Plants can talk, apparently
Davis, CA - Prince Charles famously talks to them, but nobody knew they talked to each other - until now.
Plants engage in self-recognition and can communicate danger to genetically identical cuttings planted nearby, according to professor Richard Karban of the University of California.
Karban and fellow scientist Kaori Shiojiri of the Center for Ecological Research, Kyoto University, Japan, found that sagebrush communicated and cooperated with its cuttings to avoid being eaten by grasshoppers.
The scientists made cuttings from 30 sagebrush plants at the UC Sagehen Creek Natural Reserve and grew the cuttings in plastic pots. They then placed the pots either near the parent plant or near a control group in the field.
Karban and Shiojiri examined the relationships between the volatile profiles of clipped plants and herbivore damage. They found that plants within 60 centimeters of an experimentally clipped neighbor in the field experienced less leaf damage over the season, compared with plants near an unclipped neighbor. Plants with root contact between neighbors, but not air contact, failed to show this response.
The ecologists wrote that “naturally occurring herbivores caused similar responses as experimental clipping with scissors and active cues were released for up to three days following clipping. Choice and no-choice experiments indicated that herbivores responded to changes in plant characteristics and were not being repelled directly by airborne cues released by clipped individuals.”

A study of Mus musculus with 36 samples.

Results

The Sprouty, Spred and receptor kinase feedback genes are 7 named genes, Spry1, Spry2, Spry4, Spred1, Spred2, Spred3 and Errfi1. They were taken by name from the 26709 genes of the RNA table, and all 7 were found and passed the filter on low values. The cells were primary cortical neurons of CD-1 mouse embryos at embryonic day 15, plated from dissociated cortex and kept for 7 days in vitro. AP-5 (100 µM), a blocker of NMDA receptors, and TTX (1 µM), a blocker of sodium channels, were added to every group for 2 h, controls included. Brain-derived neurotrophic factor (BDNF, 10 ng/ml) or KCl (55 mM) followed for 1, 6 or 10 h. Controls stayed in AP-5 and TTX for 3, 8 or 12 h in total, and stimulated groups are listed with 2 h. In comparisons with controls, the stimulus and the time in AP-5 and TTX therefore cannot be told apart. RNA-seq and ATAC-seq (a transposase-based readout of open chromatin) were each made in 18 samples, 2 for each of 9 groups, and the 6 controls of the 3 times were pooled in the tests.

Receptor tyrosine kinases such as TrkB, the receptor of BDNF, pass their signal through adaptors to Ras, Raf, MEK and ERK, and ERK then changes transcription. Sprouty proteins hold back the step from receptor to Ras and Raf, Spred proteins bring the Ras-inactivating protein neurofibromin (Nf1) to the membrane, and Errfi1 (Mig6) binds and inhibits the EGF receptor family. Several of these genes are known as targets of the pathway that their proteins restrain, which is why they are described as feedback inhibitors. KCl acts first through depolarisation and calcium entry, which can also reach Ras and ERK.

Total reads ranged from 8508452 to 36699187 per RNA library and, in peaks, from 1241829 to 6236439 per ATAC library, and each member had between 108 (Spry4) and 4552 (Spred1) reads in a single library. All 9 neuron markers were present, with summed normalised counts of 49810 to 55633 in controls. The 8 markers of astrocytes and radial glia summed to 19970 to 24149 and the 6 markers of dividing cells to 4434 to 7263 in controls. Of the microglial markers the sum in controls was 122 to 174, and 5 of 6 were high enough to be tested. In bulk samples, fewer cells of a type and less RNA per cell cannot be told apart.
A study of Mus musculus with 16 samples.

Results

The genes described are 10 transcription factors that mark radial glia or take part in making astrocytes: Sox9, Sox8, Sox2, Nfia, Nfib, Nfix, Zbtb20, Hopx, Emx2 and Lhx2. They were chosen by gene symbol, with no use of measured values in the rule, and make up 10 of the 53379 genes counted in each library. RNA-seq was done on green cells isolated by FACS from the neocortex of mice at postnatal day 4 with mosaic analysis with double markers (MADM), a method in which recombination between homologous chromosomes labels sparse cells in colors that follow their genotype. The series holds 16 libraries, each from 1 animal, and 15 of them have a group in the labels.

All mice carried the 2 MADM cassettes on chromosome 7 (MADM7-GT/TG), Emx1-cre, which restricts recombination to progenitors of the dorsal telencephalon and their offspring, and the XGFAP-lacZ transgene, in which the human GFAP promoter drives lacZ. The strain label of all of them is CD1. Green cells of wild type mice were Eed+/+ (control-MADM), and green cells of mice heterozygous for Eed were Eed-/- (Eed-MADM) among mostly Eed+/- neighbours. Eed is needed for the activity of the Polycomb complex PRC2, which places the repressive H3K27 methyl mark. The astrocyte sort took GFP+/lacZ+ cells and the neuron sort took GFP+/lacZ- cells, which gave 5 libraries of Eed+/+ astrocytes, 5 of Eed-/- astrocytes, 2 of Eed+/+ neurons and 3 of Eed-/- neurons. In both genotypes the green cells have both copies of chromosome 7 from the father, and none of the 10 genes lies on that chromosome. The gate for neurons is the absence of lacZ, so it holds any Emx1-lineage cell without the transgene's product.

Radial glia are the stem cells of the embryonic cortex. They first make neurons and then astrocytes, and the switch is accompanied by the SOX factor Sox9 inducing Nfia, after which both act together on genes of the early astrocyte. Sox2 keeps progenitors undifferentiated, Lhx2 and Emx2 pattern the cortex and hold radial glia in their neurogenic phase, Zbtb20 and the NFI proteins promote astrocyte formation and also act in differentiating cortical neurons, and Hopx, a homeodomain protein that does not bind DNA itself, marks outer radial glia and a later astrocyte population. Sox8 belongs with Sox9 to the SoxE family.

Although the research is in its early stages, the scientists suspect that the plants warn their own kind of impending danger by emitting volatile cues. This may involve secreting chemicals that deter herbivores or make the plant less profitable for herbivores to eat. It means that plants are “capable of more sophisticated behavior than we imagined,” said Karban, who researches the interactions between herbivores and their host plants.
“Plants are capable of responding to complex cues that involve multiple stimuli,” Karban said. “Plants not only respond to reliable cues in their environments but also produce cues that communicate with other plants and with other organisms, such as pollinators, seed dispersers, herbivores and enemies of those herbivores.”
The research is published in the current edition of Ecology Letters.